The quote is attributed to Martin Luther King but “fairness” insists that you know it actually comes from Amos 5:24.  Amos was famous for calling for justice and you will be hearing about justice until you are blue in the face in the weeks ahead.  There is a lot of bleating about “justice”, but there are not many definitions out there.  Luther was so frustrated with the term “justice” in the Bible  that it drove him to distraction.

What is justice?  There are principles of justice that serve as definitions but the problem comes in when people try and actually practice the principles.

One principle is “fairness.  Legal philosophers have a field day with this concept. Any pastor who’s ever taught confirmation class can sympathize with the ultimate question of what fairness is. A pop quiz on the second article of the creed is absolutely fair to the smartest kid in the class. It’s considered unfair by everyone else.  The very subjective nature of “fairness”, can be seen every day simply by listening to the political cacophony that surrounds us. Yet in many ways this will be the principle I would probably look closest at in making a case for the kind of justice that people will call for.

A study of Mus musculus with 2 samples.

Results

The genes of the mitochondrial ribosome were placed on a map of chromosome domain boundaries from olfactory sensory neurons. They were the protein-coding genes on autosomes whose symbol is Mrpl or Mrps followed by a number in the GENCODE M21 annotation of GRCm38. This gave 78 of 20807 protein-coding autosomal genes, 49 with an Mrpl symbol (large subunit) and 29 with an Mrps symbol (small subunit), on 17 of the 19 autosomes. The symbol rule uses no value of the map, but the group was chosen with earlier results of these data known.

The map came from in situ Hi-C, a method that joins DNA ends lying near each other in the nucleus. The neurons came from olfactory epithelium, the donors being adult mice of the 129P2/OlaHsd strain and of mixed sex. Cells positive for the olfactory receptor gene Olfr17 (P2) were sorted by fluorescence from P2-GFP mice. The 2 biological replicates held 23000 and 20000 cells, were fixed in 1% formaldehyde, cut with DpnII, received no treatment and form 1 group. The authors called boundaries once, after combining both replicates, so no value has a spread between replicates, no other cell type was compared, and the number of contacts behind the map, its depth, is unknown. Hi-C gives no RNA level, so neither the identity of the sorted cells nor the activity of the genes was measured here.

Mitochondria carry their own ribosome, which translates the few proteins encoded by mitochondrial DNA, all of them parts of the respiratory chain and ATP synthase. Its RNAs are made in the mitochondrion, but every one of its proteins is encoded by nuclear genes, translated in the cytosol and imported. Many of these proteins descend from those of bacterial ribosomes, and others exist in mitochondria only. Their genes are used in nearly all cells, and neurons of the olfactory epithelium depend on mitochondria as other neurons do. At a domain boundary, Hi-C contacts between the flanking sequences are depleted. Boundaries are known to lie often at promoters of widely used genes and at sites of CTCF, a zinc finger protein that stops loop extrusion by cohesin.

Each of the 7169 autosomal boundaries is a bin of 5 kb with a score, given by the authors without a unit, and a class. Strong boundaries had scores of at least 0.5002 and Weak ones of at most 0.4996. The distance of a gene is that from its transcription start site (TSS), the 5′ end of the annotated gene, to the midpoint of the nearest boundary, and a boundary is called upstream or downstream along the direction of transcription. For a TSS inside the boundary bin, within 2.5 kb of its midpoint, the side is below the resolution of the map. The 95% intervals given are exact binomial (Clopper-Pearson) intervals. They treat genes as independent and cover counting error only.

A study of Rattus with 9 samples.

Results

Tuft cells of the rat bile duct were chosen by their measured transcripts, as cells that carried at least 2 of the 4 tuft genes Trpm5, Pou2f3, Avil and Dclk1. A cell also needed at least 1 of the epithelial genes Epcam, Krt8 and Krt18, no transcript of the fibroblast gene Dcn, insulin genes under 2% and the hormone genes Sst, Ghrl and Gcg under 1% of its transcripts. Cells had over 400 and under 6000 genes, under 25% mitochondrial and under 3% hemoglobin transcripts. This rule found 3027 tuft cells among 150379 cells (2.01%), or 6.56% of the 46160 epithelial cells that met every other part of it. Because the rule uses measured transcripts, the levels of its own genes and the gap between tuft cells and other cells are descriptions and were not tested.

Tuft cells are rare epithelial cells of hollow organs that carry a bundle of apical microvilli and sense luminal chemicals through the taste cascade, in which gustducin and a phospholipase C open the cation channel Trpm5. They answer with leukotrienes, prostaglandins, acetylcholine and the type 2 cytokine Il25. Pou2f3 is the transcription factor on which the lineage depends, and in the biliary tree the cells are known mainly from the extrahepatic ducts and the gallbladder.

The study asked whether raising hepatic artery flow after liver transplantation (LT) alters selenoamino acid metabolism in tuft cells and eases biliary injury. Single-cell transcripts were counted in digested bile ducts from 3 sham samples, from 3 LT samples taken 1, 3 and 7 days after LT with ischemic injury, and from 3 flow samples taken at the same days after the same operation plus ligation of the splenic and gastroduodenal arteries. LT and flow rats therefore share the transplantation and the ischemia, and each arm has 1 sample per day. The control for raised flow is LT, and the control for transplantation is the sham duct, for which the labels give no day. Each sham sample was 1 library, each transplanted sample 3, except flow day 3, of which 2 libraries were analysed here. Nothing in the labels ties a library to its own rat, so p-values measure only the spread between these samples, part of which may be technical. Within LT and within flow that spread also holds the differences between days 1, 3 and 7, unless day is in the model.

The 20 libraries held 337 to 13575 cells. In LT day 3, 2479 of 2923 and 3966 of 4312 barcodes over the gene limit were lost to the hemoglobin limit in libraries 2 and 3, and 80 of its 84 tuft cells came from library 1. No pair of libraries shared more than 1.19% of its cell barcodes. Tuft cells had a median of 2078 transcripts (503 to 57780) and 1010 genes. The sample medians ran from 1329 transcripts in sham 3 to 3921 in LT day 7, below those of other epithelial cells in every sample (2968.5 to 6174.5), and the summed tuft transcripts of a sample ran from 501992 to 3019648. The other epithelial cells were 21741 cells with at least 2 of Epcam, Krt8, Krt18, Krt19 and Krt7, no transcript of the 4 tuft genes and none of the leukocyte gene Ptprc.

What does it mean to be fair?  I remember playing ball back in the day and the other team said it was unfair when we scored a run.  Why?  Because our center fielder was faster than anyone on their team.  So should we have put a cast on the leg of our center fielder to make the game fair?  Is a pop quiz not fair to everyone?  Should I have given the quiz to the smart kid and given the rest a chance to study.  Is that fair to the smart kid?  It would be terribly unfair to the smart kid.  Fairness means that there should be no distinction or partiality.

James 2:1-5 ESV

“My brothers, show no partiality as you hold the faith in our Lord Jesus Christ, the Lord of glory. For if a man wearing a gold ring and fine clothing comes into your assembly, and a poor man in shabby clothing also comes in, and if you pay attention to the one who wears the fine clothing and say, “You sit here in a good place,” while you say to the poor man, “You stand over there,” or, “Sit down at my feet,” have you not then made distinctions among yourselves and become judges with evil thoughts? Listen, my beloved brothers, has not God chosen those who are poor in the world to be rich in faith and heirs of the kingdom, which he has promised to those who love him?”